26 Aug 5 real ways to help women avoid a mid-career stall
It’s become clear that women in leadership at the highest levels are good for corporate America, from delivering higher shareholder value to improving philanthropic efforts.
Yet little progress has been made toward creating gender diversity in the C-suite and on corporate boards. While that’s alarming, what has everyone scratching their heads is the lack of progress despite the sincere and substantial efforts of employers to address it.
While many leading companies have a number of women-in-leadership initiatives in place at any given moment, those companies don’t seem to be achieving the goal of consistently moving women into key decision-making and leadership roles, which have the most impact on business success.
So what, or who, is to blame?
There is no simple answer to solving this complex issue. However, new research from one of the largest staffing companies in the world, Randstad, and leading talent assessment company XBInsight, sheds light on where and why women may experience mid-career stall in their career journeys.
Here are five impactful, data-driven initiatives that companies can put in place to move more women to higher ranks.
1. Take a lesson from “middle-child syndrome”
There are striking similarities between what psychologists term “the middle-child syndrome” and what happens during the mid-career of female professionals. Consider some common sentiments among middle children: They often feel ignored or have to try a little harder to be heard, and they don’t get enough praise compared to their siblings.
Could the same forces be at play when it comes to women’s career progression? Evidence supports the occurrence of a substantial stall in women’s mid-career phase. Catalyst, a leading nonprofit organization, estimates that entry-level women represent 53 percent of new hires, but at the vice president/senior executive level, the number drops nearly in half, to 26 percent.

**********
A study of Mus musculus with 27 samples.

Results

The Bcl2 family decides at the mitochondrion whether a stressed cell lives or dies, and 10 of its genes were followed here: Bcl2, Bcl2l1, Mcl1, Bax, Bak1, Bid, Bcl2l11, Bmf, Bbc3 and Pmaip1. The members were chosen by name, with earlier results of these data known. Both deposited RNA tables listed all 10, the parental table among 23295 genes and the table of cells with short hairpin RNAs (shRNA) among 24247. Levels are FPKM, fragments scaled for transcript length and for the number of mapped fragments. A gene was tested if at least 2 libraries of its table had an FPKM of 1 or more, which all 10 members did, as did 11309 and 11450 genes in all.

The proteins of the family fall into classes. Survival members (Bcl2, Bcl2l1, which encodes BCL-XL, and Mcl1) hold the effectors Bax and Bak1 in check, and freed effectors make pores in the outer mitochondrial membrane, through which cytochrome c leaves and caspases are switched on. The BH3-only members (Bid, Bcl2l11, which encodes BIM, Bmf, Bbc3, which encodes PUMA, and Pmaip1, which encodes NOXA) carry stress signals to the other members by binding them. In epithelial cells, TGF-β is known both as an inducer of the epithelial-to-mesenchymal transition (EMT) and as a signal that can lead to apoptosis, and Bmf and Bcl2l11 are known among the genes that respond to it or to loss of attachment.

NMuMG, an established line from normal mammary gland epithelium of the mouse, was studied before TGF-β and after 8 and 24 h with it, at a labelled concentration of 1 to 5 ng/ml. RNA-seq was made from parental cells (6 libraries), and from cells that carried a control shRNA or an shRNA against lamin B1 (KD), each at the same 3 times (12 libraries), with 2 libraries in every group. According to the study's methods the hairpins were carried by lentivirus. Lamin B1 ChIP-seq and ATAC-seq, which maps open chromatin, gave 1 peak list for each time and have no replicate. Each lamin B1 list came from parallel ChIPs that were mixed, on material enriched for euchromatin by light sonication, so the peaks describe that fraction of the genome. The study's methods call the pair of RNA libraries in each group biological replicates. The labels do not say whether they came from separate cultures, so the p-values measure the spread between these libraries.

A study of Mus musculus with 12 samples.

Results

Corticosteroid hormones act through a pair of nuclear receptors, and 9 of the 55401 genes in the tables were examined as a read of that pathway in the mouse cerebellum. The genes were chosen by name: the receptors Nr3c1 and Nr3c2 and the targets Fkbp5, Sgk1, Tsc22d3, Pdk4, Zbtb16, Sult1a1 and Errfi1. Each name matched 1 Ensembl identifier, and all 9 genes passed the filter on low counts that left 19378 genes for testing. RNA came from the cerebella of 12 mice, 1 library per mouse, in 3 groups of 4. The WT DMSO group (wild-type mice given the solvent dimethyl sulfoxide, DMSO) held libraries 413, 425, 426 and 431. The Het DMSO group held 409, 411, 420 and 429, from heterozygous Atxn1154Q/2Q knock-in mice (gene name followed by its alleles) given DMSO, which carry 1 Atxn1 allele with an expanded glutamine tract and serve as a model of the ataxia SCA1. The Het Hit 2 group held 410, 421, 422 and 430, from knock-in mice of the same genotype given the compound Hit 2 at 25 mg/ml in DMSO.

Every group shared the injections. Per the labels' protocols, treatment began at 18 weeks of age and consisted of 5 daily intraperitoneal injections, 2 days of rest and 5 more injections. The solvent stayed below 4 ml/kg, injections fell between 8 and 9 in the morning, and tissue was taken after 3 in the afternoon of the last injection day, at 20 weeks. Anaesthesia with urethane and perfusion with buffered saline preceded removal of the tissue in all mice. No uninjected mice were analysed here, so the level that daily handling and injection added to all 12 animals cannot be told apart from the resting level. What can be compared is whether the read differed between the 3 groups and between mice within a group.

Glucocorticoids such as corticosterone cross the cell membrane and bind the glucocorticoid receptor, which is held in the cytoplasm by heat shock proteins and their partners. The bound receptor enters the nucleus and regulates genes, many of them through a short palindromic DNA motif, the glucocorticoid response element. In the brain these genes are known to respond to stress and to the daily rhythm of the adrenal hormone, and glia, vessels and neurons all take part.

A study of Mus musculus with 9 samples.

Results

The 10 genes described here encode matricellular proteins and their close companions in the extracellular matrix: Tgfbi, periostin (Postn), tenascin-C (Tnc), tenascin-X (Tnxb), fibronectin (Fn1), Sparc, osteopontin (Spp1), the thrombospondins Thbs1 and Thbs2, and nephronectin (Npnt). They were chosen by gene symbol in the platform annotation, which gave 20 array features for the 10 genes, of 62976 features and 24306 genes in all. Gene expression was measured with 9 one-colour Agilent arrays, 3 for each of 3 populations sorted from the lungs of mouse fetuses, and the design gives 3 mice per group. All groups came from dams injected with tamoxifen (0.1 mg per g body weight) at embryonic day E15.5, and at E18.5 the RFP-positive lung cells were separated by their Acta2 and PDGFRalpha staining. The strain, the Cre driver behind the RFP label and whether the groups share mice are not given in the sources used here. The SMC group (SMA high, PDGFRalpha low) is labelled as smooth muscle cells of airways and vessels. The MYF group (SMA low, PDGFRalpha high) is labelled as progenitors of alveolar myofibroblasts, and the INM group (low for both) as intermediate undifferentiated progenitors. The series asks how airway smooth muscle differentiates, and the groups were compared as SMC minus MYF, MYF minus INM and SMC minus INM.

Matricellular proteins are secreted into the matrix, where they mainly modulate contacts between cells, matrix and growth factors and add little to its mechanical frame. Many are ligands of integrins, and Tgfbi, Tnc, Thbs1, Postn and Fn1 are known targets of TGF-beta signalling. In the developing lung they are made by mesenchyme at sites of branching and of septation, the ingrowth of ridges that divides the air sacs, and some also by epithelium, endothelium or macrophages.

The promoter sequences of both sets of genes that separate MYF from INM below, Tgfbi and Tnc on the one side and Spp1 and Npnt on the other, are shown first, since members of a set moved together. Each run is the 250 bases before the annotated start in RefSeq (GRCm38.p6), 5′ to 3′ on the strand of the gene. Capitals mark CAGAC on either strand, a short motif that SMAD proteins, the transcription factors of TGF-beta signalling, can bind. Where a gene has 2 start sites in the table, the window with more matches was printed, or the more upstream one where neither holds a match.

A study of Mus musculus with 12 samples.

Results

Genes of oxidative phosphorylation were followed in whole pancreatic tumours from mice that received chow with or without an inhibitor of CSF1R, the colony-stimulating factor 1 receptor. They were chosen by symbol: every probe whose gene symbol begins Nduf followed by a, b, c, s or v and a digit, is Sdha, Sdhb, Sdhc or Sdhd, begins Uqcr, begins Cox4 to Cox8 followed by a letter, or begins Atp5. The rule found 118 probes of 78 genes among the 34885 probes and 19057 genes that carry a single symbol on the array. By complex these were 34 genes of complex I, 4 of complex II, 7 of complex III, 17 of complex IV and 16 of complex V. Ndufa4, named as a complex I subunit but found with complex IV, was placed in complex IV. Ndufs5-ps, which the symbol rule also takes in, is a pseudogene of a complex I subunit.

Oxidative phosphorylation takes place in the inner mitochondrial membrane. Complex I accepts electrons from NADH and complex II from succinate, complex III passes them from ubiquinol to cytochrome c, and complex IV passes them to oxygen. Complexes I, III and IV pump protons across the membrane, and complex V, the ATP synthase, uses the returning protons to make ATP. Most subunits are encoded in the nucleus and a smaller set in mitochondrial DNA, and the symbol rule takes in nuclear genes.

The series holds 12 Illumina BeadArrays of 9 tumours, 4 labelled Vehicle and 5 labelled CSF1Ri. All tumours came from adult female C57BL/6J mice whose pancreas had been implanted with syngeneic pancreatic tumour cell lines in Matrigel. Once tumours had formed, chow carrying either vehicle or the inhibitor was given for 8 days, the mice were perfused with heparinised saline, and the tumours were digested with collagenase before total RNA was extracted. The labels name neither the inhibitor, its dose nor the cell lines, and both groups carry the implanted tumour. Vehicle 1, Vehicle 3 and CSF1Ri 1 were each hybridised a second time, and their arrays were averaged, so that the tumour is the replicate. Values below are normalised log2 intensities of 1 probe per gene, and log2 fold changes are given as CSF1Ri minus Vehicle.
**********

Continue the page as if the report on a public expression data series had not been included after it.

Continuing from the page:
2. Capitalize on a high interest in leadership
While the ratio of women to men shrinks as they progress up the career ladder, women’s interest in being leaders actually increases as they move from entry level to middle management.
A survey by McKinsey shows a significant increase in desire to move to the next level, have a leadership role, and aspire to be in top management. In fact, 83 percent of mid-level women have a strong desire to move up to a higher level in their companies.
3. Better equip female managers and directors with key executive-level skills
According to Randstad’s research with assessment partner XBInsight, several top competencies are associated with high-performing executives based on thousands of benchmark data points. Among them are three core competencies or skills in which female managers and directors score significantly lower as compared to male executives: demonstrating financial acumen, exuding executive presence, and managing risk.
On average, female managers and directors score in the below-average range relative to executive norms and show a 10 to 15 percentile gap in their scores for demonstrating financial acumen and exuding executive presence. The same group scores seven to 13 percentile points lower when it comes to managing risk.
Leading organizations utilize ongoing talent assessments to measure and address competency gaps and to identify areas for development and training. By identifying these opportunities in a timely manner, employers can more effectively ready their female leaders for future positions.
4. Give women equal access to projects that matter
In addition to development and training to address skill gaps, it is critical for women to have on-the-job opportunities and access to projects that build these skills. A research program conducted by Catalyst further supports the premise that mid-career women are not working on the right projects to allow for on-the-job experience in demonstrating financial acumen, exuding executive presence, and managing risk.
In fact, the Catalyst report found that men reported their project budgets to be more than twice the budgets of women’s projects. One-third of men reported getting C-suite visibility to a very great extent while working on projects compared to only one quarter of women, and significantly more men reported that their projects involved a higher level of risk to their companies than did women.
To really move the dial on gender diversity at the highest levels, opportunities afforded to high-potential women must be comparable in size, scope and relative importance to the organization as those afforded to men.
5. Move from good intentions to meaningful actions
Organizations must begin to dig deeper to uncover the specific reasons why their companies aren’t successfully fostering women leaders. Randstad and XBInsight believe there is hard evidence suggesting more focus needs to be placed on women in their mid-career stages. Are they plateauing? Are they not being promoted effectively? Are they being assessed and developed to prepare them for executive posts? Are they given equal opportunities to put those skills into action with real, visible, and meaningful projects?
With a powerful combination of assessments, development programs and real access to visible, meaningful projects and positions during the crucial mid-career stage, companies can truly achieve gender diversity at the highest levels and benefit from the many positive outcomes women executives can deliver.